Stories, thoughts and reflections on the Bible from the WSFC Staff.
Statesman Journal By Justin Much
West Salem High School students will return to pristine environs next week, thanks to a recent, perfectly timed makeover. Scruffy landscape near the building, bearded parking lot buffers and briars gone bananas all added up to lofty clean-up and beautification day projects.
“It wasn’t a thousand (volunteers) as we tried to get, but they worked like a thousand,” said project director Craig Oviatt, saying that 42 dumptruck loads of debris were removed from the site.
By project’s end, the grounds resembled the school that officials have proudly pointed to as a paragon.
“It made a huge difference and shows the pride that the West Salem community has in its school,” said WSHS Principal Ed John. “Efforts like this show the students how much support there is for student achievement at West and throughout the school district.
“We want all of our volunteers to know how much we appreciate them,” John added.
Those volunteers hailed from a diverse lot, including West Salem Foursquare Church, Oasis Church, West Salem Rotary, Willamette University football team, Westside Landscape, John Dalke, Mark and Linda Burrows, Salem Leadership Foundation, Mountain West Investment Corp., The Salem Foundation, The Salvation Army, Sunbelt Rentals, Supervinyl, Mike King, United Way, West Salem High School staff members, West Salem High School athletic teams and student council.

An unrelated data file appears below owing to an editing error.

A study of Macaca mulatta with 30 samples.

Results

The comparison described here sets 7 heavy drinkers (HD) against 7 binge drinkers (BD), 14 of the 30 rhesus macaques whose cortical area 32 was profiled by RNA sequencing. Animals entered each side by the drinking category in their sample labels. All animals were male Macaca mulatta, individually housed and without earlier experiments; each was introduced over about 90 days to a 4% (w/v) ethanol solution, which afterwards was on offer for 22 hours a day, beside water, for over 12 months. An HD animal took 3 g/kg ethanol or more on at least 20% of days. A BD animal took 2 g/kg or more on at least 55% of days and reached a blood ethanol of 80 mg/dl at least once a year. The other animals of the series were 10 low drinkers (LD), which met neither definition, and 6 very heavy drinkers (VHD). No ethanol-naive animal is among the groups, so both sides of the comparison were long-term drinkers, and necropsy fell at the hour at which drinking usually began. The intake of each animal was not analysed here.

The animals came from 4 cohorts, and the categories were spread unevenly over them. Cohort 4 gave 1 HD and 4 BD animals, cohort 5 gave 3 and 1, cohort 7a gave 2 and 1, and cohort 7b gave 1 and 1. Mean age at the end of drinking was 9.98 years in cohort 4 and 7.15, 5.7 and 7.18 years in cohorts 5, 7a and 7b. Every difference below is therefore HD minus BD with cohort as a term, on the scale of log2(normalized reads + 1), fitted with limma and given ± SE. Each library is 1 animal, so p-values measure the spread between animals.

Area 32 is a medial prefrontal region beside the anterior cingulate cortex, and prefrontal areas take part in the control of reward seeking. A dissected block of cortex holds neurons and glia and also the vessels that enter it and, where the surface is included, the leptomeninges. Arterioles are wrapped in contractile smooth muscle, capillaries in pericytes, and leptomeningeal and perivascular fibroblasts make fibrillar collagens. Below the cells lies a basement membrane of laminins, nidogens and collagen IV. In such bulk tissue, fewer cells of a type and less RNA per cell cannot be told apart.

The project was organized by the Salem Dream Center under the direction of Oviatt, a youth minister at WSFC.
Dream Center volunteer Lindsay Blackman, who helps Oviatt coordinate events, scouted the WSHS grounds and took before-and-after photos to illustrate the work.
“The attitude and excitement of everyone, even at 8 a.m. on a Saturday morning, was amazing,” Blackman said. “Everyone was ready to go and help our community. It blessed my heart to see so many people show up, and then to see the transformation that took place.
“It never ceases to amaze me what people can do when we work together,” she added. “Sometimes as you’re working you don’t see the level of change until you take a step back, look around and go ‘wow.’ That’s what makes it all worth it.”
The event was more than just a feel-good day.
“Because our district has limited resources, all of our schools can use volunteer labor for grounds work,” John said, adding that he recommends more of these projects, and urges people to participate.
“Please contact the principal of your local school if you would like to help,” John said.